Tajikistan has a population estimated at 7 million (UN, 2009) with an area of 143,100 sq km (55,251 sq miles). The capital is Dushanbe. The major languages are Tajik, Uzbek and Russian. Tajiks are the country's largest ethnic group, with Uzbeks making up a quarter of the population, over half of which is employed in agriculture and just one-fifth in industry. Nearly half of Tajikistan's population is under 14 years of age.
Tajikistan is a former Soviet republic and is Central Asia's poorest nation. Tajikistan experienced civil war following independence from the Soviet Union in 1991. The five-year civil war between the Moscow-backed government and the Islamist-led opposition, in which up to 50,000 people were killed and over one-tenth of the population fled the country, ended in 1997 with a United Nations-brokered peace agreement.
- Tajikistan ratified The Convention on the Elimination of All Forms of Discrimination against Women (CEDAW) on October 26, 1993
- Tajikistan does not have a National Action Plan on United Nations Security Council Resolution 1325 (UNSCR 1325)
- Tajikistan had a UN peacekeeping mandate: United Nations Observer Mission of Observers in Tajikistan (UNMOT) from December 1994 to May 2000
Sources:BBC; Amnesty International; UNIFEM
April 10, 2013 (UNWomen)
In Tajikistan, Rural Women Gain Business Skills and Independence Through Self-Help Groups
“I earn money and it makes me happy,” says Anjira Ashurova, a 46-year-old woman who lives in the small village of Shahraki Somoniyon in Sughd Province, northern Tajikistan. “I spend it on my basic needs and those of my children. I feel strong. I learned new skills and am practicing them in my daily life. I enjoy my work and the most important thing is that I enjoy working as a team. We support each other.”
September 19, 2012 (UN Women )
TAJIKISTAN: Partners in Law: Legal Help Leads to Brighter Futures for Tajikistan's Rural Women
For Maksad Nodirova , legal aid has meant more than a financial foothold in rural Tajikistan. It has helped her forge a path through trauma, disempowerment and loss – and emerge both a breadwinner and businesswoman.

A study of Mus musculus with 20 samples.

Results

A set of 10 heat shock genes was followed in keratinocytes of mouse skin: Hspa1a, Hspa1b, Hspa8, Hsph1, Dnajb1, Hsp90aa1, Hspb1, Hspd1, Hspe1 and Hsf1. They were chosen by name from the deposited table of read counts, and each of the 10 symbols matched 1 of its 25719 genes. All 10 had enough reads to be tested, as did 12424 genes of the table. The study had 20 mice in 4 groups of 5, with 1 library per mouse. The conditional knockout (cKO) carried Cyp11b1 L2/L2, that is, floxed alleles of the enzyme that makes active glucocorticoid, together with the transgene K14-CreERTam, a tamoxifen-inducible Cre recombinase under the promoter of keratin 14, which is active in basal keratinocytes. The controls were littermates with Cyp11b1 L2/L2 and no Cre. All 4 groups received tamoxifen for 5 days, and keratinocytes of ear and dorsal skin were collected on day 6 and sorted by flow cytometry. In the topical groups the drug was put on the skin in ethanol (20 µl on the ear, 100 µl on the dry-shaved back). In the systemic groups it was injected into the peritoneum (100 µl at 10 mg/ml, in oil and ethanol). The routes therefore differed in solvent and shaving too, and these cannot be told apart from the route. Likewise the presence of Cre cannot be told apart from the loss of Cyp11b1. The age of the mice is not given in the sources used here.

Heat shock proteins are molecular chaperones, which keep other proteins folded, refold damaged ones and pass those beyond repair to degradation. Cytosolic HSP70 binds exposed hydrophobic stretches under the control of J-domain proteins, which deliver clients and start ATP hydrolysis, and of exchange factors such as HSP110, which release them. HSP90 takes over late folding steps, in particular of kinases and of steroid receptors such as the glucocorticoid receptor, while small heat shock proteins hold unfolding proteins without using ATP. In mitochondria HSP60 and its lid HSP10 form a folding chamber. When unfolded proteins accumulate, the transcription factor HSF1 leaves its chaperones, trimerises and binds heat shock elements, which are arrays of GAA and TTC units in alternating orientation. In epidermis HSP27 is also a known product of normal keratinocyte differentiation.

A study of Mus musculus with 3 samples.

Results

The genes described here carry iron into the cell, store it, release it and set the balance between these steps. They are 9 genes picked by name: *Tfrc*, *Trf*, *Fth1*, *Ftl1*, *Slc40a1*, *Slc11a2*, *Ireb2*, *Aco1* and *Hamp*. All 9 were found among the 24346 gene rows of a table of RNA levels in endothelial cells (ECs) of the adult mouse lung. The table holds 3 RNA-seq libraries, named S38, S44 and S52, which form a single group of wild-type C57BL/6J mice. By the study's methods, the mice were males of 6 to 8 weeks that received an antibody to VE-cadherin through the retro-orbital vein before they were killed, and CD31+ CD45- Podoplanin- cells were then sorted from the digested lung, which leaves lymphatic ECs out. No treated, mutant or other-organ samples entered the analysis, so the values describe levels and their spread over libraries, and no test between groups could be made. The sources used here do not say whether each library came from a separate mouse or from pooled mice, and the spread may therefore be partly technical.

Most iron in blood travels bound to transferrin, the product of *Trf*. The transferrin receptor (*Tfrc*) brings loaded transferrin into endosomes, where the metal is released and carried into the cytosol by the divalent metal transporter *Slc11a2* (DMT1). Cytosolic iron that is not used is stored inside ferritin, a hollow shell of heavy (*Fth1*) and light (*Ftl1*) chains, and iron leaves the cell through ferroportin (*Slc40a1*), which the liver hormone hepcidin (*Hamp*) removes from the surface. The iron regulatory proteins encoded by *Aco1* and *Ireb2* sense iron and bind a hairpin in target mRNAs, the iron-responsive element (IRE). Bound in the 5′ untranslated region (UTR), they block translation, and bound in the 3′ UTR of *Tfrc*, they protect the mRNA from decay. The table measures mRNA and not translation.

July 23, 2012 (Institute for War and Peace Reporting)
TAJIKISTAN: Tajik Women Hit Glass Ceiling
Despite legislation designed to secure gender equality, women rarely make it beyond deputy positions in the Tajik government, and instead remain stuck in the lower ranks or hit a glass ceiling after reaching middle management.
June 26, 2012 (Radio Free Europe/Radio Liberty)
TAJIKISTAN: Postwar Tajik Fatwa Helped Women Start New Lives
It was the onset of winter, still in the early stages of a bloody civil war, and Aziza Saidova couldn't imagine things getting any worse.
"It was like my world was falling apart," Saidova recalls of those dark days in 1992, seven months into a Tajik civil war that would end up lasting five years. "My town was devastated by war, my husband had been shot dead, and at the age of 26 I was a widow with a 2-month-old baby."
By war's end Saidova's situation was hardly unique for women, with more than 25,000 widowed in Tajikistan's southern and eastern regions, and the spouses of thousands more missing.
January 4, 2011 (Telia Sonera)
TAJIKISTAN: Mobile Communication Helps Empower Women in Tajikistan
In 2009, Tcell launched a special tariff plan for women in Tajikistan, to empower and enable women to stay better connected with family and friends, improve their safety, and help them obtain paid work.